Correctional Institutions



  • A Bridewell was any prison or gaol. The term comes from the name for "Bridewell Prison".
  • A Borstal was a name for a youth prison. Sir Evelyn Ruggles-Brise (1857-1935), a prison commissioner, introduced the plan for the first prison for young men only at Borstal Prison in a village called Borstal, near Rochester in north Kent.

Lincoln Gaol

  • The Lincolnshire Archives holds an index of convicts from the Lincoln Gaol. The index includes:
    Convict's surname   Convict's first name   Place of origin   Year of conviction   Lincs. Archives reference
  • Check our Lincoln Gaol Census, 1881 list.

Kirton Gaol

  • There was a large House of Correction in Kirton in Lindsey, which is between Brigg and Gainsborough. Locals called it "Bridewell", after the famous prison in London, named for St. Bride's (St. Bridget) holy well. A "bridewell" is any reformatory or prison.
  • Staff in 1842: John Lee is the gaol governor, Ann EVERATT is matron and Rev. John R. T. RICHTER is chaplain.
  • By 1872, this facility was closed and its function transfered to the new gaol in Lincoln.

Spalding Gaol

  • There was a "House of Correction" in Spalding from 1826 to 1884, but no records are known. Officially known as "Her Majesty's Prison for the parts of Holland and Kesteven," it adjoined the Sessions House off the Sheep Market. It was improved in 1848-52 and enlarged to have 95 separate cells, airing yards and workshops.
  • Staff in 1842: Mr. Thomas KING, governor.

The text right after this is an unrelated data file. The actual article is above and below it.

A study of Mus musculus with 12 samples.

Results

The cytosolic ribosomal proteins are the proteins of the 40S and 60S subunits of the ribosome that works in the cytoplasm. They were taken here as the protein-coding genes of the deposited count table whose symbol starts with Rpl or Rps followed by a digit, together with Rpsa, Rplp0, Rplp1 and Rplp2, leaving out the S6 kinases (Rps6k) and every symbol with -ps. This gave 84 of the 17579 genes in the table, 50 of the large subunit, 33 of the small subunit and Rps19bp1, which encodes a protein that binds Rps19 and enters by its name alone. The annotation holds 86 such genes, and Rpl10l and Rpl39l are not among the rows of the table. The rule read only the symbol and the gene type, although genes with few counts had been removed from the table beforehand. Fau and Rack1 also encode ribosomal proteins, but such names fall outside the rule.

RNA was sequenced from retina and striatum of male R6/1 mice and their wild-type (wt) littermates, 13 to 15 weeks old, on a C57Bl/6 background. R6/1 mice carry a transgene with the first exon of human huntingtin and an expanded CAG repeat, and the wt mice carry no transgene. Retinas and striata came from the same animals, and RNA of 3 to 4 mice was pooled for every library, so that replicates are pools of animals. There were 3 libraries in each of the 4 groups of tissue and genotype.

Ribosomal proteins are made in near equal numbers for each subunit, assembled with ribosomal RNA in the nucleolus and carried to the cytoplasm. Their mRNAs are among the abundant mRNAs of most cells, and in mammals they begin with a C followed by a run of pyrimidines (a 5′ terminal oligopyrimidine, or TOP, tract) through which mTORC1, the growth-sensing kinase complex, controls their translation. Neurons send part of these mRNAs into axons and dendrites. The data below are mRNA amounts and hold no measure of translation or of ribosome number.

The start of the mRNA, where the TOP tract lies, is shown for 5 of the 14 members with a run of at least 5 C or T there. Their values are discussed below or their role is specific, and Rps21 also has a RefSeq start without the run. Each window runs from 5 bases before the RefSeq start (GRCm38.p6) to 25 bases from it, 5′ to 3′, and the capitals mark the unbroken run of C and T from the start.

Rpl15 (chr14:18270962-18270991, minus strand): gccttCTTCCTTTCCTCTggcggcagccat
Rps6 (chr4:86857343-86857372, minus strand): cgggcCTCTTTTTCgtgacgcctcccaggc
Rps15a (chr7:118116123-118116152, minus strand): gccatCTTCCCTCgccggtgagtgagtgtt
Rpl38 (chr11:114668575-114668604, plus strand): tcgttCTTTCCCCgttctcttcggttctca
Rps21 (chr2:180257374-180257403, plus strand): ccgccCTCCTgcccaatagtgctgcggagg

• Staff in 1872: Mr. Henry and Mrs. Ann BATES are governor and matron, the Rev. J. LEWIS is chaplain.
  • Staff in 1882: James and Emma HIGGINS (both born Huntingdon) are governor and matron, the Rev. Michael Joseph SISSON (born in Lincoln circa 1845) is chaplain and Dr. Marten PERRY, MD, (born in Aston, Oxford, circa 1826) is surgeon.
  • See who was enjoying the government's hospitality in the Spalding Gaol Census, 1881 list.
  • You will not find many inmates of Spalding Gaol listed in the Lincolnshire Archives list of convicts. That list is primarily of those shipped out of England (transported).


Some Lincolnshire miscreants wound up in the gaol in Yorkshire (to the north of Lincolnshire):


Some Lincolnshire folk landed in the Derbyshire Gaol. From Rita Effnert's extract of the 1861 census:

  • HORNE Joseph, Unm. 20, Coal Miner, Swindon
  • KENNINGTON James, Unm. 40, Joiner, Caistor


  • "Lincolnshire Convicts to Australia, Bermuda and Gibraltar: A Study of 2000 Convicts" by C. L. ANDERSON, Dunholme, Lincoln: Laece Books, 1993 (ISBN 0 950 080 38 1).
  • "Louth House of Correction 1671-1872" by Bill PAINTER, available from the Lincs FHS, ISBN 0-953-95332-7.